All right, that’s it. Kid gloves are off. I’m so tired of feeling like a child, I thought as I pulled my peanut butter and jelly sandwich out of my Avengers-themed, Ziploc baggie.
After three weeks of working as an intern at Catholic Charities Legal Services, I’ve heard some incredible and tragic stories. I’ve witnessed the fear and desperation immigrants face when up against daunting possibilities up close, and have done my best to help. This help usually comes in the form of translating from Spanish to English or helping clients fill out forms, but often, it’s something I’ve never had to do before. It’s my first time working a 9 to 5 in an office, making my own lunch everyday, and commuting to work on public transportation. By all means, this should be the most adult I’ve ever felt. And yet, rarely have I been so much like a kid, so unsure of my own abilities.
We have been mistaken for law students surprisingly often. Once when filing paperwork in the courthouse, the worker behind the window asked me if I was the attorney. I heard myself nervously say, “No, I’m just the intern.” For whatever reason, my words echoed in my head as I took the elevator down. It’s true. I’m not anywhere near the level of an attorney or law student– I don’t even know how to make anything other than sandwiches for lunch.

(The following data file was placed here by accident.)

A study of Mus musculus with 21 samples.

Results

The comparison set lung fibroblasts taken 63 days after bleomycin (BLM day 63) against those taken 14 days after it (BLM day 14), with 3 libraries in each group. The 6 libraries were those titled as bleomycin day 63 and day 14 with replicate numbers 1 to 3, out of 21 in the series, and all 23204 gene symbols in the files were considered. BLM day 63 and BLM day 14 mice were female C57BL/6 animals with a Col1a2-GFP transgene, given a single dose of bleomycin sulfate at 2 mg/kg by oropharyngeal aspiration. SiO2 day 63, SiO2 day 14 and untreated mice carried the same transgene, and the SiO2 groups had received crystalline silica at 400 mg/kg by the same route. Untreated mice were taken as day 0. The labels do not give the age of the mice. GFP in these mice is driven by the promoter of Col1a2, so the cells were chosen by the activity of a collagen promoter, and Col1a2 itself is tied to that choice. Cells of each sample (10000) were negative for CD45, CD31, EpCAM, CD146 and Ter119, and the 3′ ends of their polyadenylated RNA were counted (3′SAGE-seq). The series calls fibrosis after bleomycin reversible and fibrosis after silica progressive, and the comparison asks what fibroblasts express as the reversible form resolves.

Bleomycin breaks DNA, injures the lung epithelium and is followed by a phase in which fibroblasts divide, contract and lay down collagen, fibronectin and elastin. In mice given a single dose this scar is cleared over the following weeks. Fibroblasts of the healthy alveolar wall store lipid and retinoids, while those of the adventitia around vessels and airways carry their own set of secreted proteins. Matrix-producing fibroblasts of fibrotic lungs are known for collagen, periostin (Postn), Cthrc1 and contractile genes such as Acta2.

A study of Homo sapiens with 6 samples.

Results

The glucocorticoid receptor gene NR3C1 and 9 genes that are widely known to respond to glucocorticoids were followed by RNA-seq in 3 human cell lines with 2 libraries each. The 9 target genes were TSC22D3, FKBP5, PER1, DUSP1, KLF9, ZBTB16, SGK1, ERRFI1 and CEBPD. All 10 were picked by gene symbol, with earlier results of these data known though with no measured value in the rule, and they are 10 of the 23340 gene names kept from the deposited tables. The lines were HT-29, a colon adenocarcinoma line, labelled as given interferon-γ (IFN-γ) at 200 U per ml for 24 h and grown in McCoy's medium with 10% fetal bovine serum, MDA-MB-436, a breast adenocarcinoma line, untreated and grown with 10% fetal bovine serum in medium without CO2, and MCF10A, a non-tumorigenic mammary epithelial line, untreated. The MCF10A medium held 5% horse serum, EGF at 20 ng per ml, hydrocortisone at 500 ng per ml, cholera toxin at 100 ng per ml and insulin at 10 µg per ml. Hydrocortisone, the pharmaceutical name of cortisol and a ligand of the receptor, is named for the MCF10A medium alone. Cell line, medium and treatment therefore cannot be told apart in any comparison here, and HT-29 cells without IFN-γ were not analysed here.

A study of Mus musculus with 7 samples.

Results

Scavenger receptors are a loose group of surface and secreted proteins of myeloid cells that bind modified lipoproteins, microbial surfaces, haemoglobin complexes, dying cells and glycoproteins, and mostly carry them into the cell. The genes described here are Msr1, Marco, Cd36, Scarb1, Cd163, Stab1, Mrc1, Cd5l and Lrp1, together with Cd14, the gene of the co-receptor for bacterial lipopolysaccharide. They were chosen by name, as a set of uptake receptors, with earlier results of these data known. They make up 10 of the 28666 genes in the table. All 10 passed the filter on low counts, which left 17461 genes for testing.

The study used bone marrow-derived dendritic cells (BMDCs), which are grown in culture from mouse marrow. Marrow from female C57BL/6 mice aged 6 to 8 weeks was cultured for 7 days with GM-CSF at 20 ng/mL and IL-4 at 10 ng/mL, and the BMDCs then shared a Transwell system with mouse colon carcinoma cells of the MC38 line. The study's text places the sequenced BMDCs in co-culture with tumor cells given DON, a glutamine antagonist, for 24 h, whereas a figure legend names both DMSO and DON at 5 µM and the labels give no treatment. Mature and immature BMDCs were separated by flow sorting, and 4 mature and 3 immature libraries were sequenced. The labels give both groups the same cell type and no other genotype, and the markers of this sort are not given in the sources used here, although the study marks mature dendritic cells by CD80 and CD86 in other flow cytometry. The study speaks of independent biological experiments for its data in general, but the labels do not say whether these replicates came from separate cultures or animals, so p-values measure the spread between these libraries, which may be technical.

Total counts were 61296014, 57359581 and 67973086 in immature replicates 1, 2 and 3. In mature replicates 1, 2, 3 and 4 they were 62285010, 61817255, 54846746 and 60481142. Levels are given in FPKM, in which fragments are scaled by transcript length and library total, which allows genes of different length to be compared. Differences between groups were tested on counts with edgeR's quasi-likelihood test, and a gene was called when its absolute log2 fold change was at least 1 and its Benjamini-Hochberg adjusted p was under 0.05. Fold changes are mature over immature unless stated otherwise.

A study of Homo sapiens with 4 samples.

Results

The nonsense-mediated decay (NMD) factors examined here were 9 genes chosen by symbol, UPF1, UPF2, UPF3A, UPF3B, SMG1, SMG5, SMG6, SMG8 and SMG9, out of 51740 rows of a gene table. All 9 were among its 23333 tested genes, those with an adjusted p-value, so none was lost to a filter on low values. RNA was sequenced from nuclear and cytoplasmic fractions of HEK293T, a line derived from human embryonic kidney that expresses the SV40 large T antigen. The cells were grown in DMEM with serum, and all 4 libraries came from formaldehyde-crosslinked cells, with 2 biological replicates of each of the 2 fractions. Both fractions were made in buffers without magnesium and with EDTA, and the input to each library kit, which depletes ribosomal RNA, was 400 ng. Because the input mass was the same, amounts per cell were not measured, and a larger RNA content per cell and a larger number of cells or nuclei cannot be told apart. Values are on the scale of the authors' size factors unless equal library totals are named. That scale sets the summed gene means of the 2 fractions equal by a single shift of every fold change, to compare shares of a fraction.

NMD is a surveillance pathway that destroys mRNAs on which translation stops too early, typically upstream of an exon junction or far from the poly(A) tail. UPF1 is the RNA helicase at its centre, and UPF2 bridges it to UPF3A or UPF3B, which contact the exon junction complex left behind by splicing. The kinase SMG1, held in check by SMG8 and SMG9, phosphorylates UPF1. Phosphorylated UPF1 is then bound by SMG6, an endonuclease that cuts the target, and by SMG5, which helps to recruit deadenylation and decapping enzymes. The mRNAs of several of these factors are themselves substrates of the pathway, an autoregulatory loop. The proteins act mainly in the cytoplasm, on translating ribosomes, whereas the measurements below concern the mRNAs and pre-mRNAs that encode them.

A couple days into our second week, I was assigned to fill out my first COV motion– that’s a change of venue form for clients that have their court hearing in the city where they entered the US rather than where they live now. The attorney who assigned the COV to me brought the client into the room, hastily handed me a folder full of papers and said, “Just do it like you learned in law school” as he was leaving the room. “WAIT,” I screamed before he got too far, almost falling out of my chair. I had to let him know that I’m an undergrad, and not only did I not know what I was doing, but he was also considering me far overqualified for maybe any task he could give me. After, I proceeded to leave the room and ask him questions every five minutes to make sure I was doing it right. I didn’t want to be the reason that made this process more difficult for anyone; these clients had gone through so much already. The lawyer could have easily done it quicker and more accurately. It was hard to not feel more like an annoyance or burden than the help I was supposed to be.
But I did the COV. And I’ve done it several times since, each time faster and easier than the last. Sure, the first few times I’ve started any new task, I’ve had to ask extensive questions to the point of inefficiency, but that’s just part of the learning process. I am just an intern. Yet, I have work to do, and there’s almost always more if you know where to ask for it. Maybe I’m not going to change the world or even any individual lives, but I get to facilitate the jobs of the people qualified to do so.
The kid gloves stay on, for now. I’m learning that it’s not such a bad thing.